High taxes on battery imports in India are pushing up the price of installing storage vital to achieving the country’s COP26 climate change goals, said the chair of ReNew Power, one of the country’s largest renewable power companies.
Prime Minister Narendra Modi’s government has pledged to meet 50 per cent of India’s energy needs from non-fossil fuel sources by 2030. But wind and solar need battery storage, devices that enable renewable energy to be saved and released when needed. Combined customs and imports on battery storage systems stand at about 40 per cent.
“The one thing that they [the government] can do in the budget is they can bring down the customs duties on battery imports,” said Sumant Sinha, chair and managing director of ReNew Power, which listed on the Nasdaq last year. India’s budget will be presented on Tuesday.
It will take “at least four or five years for domestic batteries to start getting manufactured,” estimated Sinha. “Until then, if they bring down the customs duties it will just allow battery installations to become a lot cheaper.”
ReNew Power announced a partnership in January to install battery storage in India with Fluence, an energy storage company. Its first project will be 150MW of storage in Karnataka state.
India currently charges at least 38 per cent in combined customs and taxes to import battery packs, in levies designed to protect and incentivise local manufacturing.
“That 38 per cent tax is prohibitively high, killing an industry that hasn’t yet been launched,” said Tim Buckley, from the Institute for Energy Economics and Financial Analysis in Australia.
India does not yet rely enough on renewable energy for the lack of battery storage to be a serious problem, Buckley said. “But within one to two years you’re going to have serious risk of blackouts if you don’t prepare.”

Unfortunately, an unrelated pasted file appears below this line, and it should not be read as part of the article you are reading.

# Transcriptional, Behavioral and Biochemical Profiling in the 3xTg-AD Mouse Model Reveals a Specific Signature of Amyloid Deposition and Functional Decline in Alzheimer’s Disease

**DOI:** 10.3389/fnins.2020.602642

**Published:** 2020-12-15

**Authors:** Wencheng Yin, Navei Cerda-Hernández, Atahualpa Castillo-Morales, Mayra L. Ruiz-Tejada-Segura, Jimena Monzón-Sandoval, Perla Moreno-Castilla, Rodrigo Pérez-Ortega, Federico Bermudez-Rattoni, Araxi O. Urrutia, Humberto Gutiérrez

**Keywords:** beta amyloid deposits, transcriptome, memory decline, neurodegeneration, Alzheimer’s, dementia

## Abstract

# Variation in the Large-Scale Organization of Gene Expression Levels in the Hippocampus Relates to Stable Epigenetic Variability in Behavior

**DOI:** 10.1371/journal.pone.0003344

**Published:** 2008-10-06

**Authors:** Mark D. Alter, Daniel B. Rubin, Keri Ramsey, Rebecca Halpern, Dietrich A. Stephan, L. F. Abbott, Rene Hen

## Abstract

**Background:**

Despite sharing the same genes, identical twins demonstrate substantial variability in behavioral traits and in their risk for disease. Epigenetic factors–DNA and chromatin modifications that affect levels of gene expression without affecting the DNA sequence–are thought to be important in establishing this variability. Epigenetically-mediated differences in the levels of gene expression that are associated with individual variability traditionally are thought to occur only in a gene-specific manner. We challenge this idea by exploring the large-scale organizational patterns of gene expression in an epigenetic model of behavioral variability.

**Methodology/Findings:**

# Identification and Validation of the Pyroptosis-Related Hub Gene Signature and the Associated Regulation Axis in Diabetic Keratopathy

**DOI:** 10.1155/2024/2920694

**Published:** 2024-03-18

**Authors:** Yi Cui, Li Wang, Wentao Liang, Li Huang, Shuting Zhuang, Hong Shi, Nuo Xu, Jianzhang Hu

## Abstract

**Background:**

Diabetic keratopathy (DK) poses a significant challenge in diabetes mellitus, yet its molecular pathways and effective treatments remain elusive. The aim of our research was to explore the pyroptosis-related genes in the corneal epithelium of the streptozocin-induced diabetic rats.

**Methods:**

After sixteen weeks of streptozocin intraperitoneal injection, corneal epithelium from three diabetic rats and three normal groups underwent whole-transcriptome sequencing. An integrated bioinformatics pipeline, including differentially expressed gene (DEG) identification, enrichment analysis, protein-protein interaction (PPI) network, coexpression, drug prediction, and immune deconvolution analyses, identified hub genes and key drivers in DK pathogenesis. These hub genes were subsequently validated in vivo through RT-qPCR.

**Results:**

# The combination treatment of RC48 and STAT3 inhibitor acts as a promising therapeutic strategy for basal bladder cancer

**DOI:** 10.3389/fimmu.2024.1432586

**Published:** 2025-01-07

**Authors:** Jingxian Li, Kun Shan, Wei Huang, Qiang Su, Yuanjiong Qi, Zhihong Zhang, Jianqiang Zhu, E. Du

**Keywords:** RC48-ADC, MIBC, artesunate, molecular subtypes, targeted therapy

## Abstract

New Delhi has said it is a priority to create a domestic battery manufacturing industry. In January, it launched a scheme worth Rs181bn ($2.4bn) in production-linked incentives to lure big businesses to set up shop.
The scheme for 50GWh of battery manufacturing attracted bids from Reliance Industries, Hyundai, ride-hailing company Ola, and seven others.
Reliance, run by billionaire Mukesh Ambani, has announced ambitious battery plans. In December, subsidiary Reliance New Energy Solar acquired British battery technology company Faradion for £100mn.
Reliance will use Faradion’s sodium ion battery technology in the energy storage “giga factory” it is expected to build in Gujarat state.
State governments are trying to woo foreign companies, including Tesla, in the hope that they will set up battery manufacturing facilities for electric vehicles and energy storage.
“Still working through a lot of challenges with the government,” Tesla’s chief Elon Musk wrote on Twitter in January, prompting a series of states to offer partnerships with the electric vehicle maker.